Editor’s Note: This is an occasional feature in the NTSA Advisor. It is drawn from The Source, a book that covers technical, compliance, administrative and marketing aspects of the 403(b) and 457(b) markets. More information about The Source is available here.
This is the first installment of a series of tips concerning establishing relationships with plan sponsors for elective deferral 403(b) programs. This week’s concerns establishing relationships with public school systems.
The final regulations impose new challenges to providers and financial services representatives attempting to establish a new or maintain an existing 403(b) payroll relationship as many 403(b) employers reduced the number of 403(b) product providers. As a result of reducing providers, employees may feel they are not being provided with ample choices. It is important for employers to offer a selection of annuity contracts and custodial mutual funds, as well as full service and reduced service options to accommodate the needs of every employee. As demand for a reasonable selection of choices continues it is likely that employers will be responsive to inquiries about products that may not be currently offered in the plan.
When approaching employers for approval of a new product choice, it is important to know
which products are currently offered in the employer’s plan to ensure that the new products do not duplicate an option already available to participants. It will also be important to remind employers approving a new product and provider that the new provider must be added to the list of authorized product providers in the plan document since providers are required to be identified. Lastly, it is essential that you understand each employer’s approval process, which can vary greatly.
Public School Systems
Approval requirements vary greatly by state and district. There are a few states (including California, Massachusetts, Ohio, Texas and Washington) where state legislation requires that school districts accept all product providers who are properly entered to do business in that state and who will sign a Hold Harmless or Service Provider Agreement. In certain states (such as California and Texas), the provider must take the additional step of being listed on a state registry which is administered by the applicable state retirement system. If your providers are not approved, you should gather the information on the process to obtain that approval. The process may include:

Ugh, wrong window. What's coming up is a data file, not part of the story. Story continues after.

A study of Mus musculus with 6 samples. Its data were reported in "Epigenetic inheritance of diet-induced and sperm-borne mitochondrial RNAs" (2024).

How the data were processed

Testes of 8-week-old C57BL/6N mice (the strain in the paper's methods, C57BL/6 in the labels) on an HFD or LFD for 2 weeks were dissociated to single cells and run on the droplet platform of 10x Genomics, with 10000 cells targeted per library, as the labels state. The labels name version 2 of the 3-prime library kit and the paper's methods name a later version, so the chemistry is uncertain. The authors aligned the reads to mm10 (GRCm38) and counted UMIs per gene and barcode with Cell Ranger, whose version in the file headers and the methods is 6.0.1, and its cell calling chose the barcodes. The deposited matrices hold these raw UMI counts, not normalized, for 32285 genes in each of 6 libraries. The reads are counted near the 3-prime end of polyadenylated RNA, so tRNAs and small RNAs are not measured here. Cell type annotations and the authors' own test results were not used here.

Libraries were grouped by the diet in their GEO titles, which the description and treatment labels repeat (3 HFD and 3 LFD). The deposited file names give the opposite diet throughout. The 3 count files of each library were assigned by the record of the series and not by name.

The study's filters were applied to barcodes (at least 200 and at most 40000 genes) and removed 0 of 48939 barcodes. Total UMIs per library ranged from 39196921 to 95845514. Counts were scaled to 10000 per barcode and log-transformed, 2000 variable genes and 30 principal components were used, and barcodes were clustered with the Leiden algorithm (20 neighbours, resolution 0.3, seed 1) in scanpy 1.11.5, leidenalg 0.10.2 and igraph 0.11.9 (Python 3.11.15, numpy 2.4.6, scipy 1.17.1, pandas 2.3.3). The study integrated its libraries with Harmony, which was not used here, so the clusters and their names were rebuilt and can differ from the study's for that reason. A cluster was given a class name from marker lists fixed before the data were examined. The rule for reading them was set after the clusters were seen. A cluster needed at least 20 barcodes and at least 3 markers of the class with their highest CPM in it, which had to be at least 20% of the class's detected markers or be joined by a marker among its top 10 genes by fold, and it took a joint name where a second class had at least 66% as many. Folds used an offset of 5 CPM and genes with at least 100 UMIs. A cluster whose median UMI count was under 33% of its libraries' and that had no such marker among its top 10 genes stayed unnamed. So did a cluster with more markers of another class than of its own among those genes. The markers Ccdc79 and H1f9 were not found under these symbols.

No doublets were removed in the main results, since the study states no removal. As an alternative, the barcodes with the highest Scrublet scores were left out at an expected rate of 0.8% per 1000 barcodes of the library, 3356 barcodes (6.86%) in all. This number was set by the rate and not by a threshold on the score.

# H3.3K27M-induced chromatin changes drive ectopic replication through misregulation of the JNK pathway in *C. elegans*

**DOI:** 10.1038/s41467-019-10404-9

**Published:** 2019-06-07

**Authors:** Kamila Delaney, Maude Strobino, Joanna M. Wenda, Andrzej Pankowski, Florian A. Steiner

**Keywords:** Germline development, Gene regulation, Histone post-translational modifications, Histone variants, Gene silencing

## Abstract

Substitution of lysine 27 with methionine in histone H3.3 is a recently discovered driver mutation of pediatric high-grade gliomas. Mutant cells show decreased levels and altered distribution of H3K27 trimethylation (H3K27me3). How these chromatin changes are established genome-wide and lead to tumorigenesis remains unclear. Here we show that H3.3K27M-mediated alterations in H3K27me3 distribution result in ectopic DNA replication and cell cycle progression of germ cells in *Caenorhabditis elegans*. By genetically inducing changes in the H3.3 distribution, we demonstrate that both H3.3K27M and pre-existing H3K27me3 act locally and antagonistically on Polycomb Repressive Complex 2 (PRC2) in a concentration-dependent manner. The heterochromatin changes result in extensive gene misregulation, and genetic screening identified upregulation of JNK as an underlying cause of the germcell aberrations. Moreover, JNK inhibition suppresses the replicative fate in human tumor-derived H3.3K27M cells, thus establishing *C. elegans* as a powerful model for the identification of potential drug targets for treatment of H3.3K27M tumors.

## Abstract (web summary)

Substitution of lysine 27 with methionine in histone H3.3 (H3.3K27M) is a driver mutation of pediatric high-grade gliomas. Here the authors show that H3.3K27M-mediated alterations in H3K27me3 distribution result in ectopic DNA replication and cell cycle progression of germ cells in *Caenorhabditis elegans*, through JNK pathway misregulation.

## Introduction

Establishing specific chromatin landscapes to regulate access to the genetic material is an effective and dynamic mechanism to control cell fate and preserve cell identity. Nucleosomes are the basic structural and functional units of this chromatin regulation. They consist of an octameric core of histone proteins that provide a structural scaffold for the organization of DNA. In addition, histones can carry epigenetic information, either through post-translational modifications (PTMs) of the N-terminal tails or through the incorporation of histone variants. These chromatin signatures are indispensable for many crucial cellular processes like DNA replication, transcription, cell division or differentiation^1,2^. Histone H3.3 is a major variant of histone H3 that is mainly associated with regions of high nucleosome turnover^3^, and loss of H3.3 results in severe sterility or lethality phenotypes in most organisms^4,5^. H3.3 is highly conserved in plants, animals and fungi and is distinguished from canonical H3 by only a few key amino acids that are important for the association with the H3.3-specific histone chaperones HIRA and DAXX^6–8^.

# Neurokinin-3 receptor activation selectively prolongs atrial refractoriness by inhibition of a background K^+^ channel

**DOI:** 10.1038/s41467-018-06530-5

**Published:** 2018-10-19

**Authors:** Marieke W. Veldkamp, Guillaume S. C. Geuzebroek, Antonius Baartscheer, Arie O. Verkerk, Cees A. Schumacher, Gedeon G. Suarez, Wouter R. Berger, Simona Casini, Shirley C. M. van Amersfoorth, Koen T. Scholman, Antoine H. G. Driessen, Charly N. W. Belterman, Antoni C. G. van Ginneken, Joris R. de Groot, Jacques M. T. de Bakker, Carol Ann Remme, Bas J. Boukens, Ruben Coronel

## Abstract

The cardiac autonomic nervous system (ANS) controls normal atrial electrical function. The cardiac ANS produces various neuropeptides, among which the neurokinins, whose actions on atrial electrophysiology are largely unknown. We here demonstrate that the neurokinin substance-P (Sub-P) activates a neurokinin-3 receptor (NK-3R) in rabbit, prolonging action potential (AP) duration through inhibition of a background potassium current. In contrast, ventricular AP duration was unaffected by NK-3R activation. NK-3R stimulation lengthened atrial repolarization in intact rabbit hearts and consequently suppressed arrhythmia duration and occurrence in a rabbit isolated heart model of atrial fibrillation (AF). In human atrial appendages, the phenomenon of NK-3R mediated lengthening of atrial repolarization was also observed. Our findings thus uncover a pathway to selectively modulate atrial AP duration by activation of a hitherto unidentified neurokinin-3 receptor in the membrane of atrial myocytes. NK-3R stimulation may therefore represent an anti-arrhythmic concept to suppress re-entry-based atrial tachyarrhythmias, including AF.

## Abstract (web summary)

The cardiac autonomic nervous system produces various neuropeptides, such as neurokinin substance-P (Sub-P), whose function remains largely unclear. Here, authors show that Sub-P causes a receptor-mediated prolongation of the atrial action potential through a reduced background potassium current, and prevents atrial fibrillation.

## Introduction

- Completion of a questionnaire or a Request for Proposals (RFP). RFPs are a growing trend in larger public schools. Some RFPs are seeking the lowest cost products or investment options, as opposed to products which are priced for individual servicing. The product provider(s) should complete the questionnaire by providing as much of the information requested about the provider specifically. For example, a growing number of employers are using questionnaires and RFPs to request assurance that the provider(s) will supply compliance support and the sharing of information because of final 403(b) regulations.
- Execution of a Hold Harmless or Service Provider Agreement: A copy of the agreement must be sent to each product provider or to the third party plan administrator. Many product providers will sign these agreements provided they are reasonable in scope. However, many employers will not permit any changes to be made to their standard agreement. If that is the employer’s position, it is important that the insurance and mutual fund companies offering products are aware of this requirement. However, companies’ legal advisors may have concerns with certain standard provisions and the effect on the company.
- Minimum number of participants: This requirement varies significantly from as few as five participants to as many as fifty. The difficulty in satisfying this requirement is that no guarantee of the start date can be made to a participant because access to the participants is granted only when salary reduction agreements are submitted for the minimum number required.
Because of the final 403(b) regulations, many public school districts are reducing the total number of vendors permitted to hold payroll slots (in states where state statues permit). Additionally, a number of insurance and mutual fund companies exited the 403(b) market or at least certain segments of that market prior to 2009. Thus, it is important for employers to carefully screen providers/vendors. Even in the states where “open market” statutes exist, employers are discovering that many providers are unable or unwilling to supply all of the information necessary to meet compliance requirements.